5 Alabama Cops Fired For Taped Beating

In this undated photo released by the Jefferson County Sheriff's Office, Anthony Warren in seen. A video released by the sheriff's office shows five Birmingham police officers beating an apparently unconscious Warren after a roadway chase in Alabama on Jan. 23, 2008. Jefferson County Sheriff

Five Birmingham police officers were fired Wednesday for beating an unconscious suspect ejected from a car after a chase, an attack captured on a patrol car videotape that didn't surface publicly for a year.

Police Chief A.C. Roper said the officers, who were not identified, were seasoned veterans but acted in a "shameful" manner.

The video shows police pursuing Anthony Warren's van on Jan. 23, 2008. One officer on foot was hurt when the van swerved through traffic. It overturned on a ramp, ejecting Warren, who lay motionless as officers ran toward him. The video shows them beating him with their fists, feet and a billy club.

An attorney representing Warren in a civil case said he was hospitalized after the chase and didn't realize he'd been beaten until a prosecutor preparing for his trial requested the tape, saw the attack and told the defense about it.

Roper said the department had "terminated 50 years of combined service due to 10 seconds of injustice."

The officers can appeal.

Wendy Crew, an attorney for Warren, filed a claim against the city in March, the first step before filing a lawsuit seeking damages. She said Wednesday the claim was over the "horrific" beating and an attempt to suppress the video of it.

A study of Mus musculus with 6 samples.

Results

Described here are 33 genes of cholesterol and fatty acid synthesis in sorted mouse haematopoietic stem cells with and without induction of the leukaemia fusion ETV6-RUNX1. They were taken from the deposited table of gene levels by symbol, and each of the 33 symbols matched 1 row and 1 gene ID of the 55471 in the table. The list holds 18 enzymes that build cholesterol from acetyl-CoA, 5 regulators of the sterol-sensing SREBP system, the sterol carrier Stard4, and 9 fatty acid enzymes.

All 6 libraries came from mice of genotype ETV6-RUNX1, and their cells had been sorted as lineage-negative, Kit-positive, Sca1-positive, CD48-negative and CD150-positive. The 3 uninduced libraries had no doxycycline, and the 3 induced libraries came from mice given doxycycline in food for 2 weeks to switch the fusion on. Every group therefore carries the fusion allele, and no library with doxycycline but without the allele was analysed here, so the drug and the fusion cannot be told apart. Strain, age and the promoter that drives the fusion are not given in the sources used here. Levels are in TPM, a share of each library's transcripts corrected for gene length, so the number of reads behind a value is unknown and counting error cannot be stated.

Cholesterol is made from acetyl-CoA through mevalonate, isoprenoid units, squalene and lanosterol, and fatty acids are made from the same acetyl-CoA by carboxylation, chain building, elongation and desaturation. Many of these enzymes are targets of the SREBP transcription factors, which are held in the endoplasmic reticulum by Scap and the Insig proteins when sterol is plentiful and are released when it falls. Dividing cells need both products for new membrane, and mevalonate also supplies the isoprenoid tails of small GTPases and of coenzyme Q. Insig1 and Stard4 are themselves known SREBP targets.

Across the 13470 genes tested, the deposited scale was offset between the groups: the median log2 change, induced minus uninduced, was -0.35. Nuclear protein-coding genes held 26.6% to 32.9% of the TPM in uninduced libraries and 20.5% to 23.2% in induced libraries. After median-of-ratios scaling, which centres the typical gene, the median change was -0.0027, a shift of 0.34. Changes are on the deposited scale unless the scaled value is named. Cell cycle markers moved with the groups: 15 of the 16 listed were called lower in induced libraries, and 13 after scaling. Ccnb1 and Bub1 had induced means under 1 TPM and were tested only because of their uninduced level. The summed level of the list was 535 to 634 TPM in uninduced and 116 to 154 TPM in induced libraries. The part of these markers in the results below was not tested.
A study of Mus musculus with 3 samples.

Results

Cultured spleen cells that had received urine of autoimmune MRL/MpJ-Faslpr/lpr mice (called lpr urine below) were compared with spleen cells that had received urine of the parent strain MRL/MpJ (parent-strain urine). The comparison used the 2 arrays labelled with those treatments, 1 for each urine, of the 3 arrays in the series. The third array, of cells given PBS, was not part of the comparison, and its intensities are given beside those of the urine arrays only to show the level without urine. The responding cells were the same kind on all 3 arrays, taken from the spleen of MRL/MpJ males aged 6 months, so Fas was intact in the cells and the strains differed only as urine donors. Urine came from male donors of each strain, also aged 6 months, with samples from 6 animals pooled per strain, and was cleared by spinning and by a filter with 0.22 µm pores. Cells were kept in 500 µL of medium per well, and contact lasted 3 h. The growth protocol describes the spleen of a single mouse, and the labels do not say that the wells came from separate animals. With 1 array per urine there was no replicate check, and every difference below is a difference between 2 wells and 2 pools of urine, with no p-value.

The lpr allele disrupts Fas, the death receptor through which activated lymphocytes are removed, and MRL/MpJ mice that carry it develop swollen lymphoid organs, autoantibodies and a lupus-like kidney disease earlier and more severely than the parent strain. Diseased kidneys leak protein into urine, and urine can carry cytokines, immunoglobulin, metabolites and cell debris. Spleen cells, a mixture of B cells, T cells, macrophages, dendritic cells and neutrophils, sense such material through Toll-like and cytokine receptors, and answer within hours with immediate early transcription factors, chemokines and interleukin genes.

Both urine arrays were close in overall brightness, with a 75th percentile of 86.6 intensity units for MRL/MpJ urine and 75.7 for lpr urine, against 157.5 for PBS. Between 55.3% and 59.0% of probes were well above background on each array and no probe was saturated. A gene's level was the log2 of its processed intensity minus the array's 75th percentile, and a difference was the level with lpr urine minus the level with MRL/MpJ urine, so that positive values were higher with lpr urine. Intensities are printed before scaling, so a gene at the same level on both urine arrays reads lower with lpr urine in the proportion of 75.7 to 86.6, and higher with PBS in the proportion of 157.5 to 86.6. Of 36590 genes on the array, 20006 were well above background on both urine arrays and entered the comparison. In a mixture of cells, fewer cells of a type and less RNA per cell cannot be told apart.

Authorities believe numerous Birmingham officers and as many as a half-dozen supervisors saw the video over the past year, but none reported it.

"In addition to these terminations, we're also reviewing our supervisor's actions, reporting mechanisms and policies," Roper said.

He said supervisors may face discipline, and the Alabama Bureau of Investigation will review possible criminal charges.

District Attorney Brandon Falls said Wednesday the tape of the beating surfaced unexpectedly as prosecutors were preparing to try Warren.

He said prosecutors had a video of the chase "but the beating was not on the copy we had."

Falls said the prosecutor wanted to play the video for the jury but, for technical reasons, she needed another copy and asked for the original.

"We got the original the week before the trial ... and that's where she saw the rest of the tape," he said.

He said they contacted the defense, the Alabama Bureau of Investigation and the Birmingham police chief.

Warren, who was held on $1 million bond after the chase, pleaded guilty in March 2009 to first-degree assault and was sentenced to 20 years in prison. Because of his plea, no trial was held, and Crew said Warren knew about the tape when he pleaded guilty.

Crew said police "deliberately tampered with the evidence" in their handling of the video prior to the criminal trial.

"As horrific as the beating is, the deliberate tampering of evidence is just as horrific," she said.

Crew, who did not represent Warren in the criminal case, said he fled in the van because he was confronted by a man who never identified himself as an officer, was not in uniform and drove after him in an unmarked car. She said he had not been accused of any crime when the pursuit began.

She said Warren, who was hospitalized for a few days after the chase, was "totally unconscious" when he was beaten and did not know it happened until the video surfaced.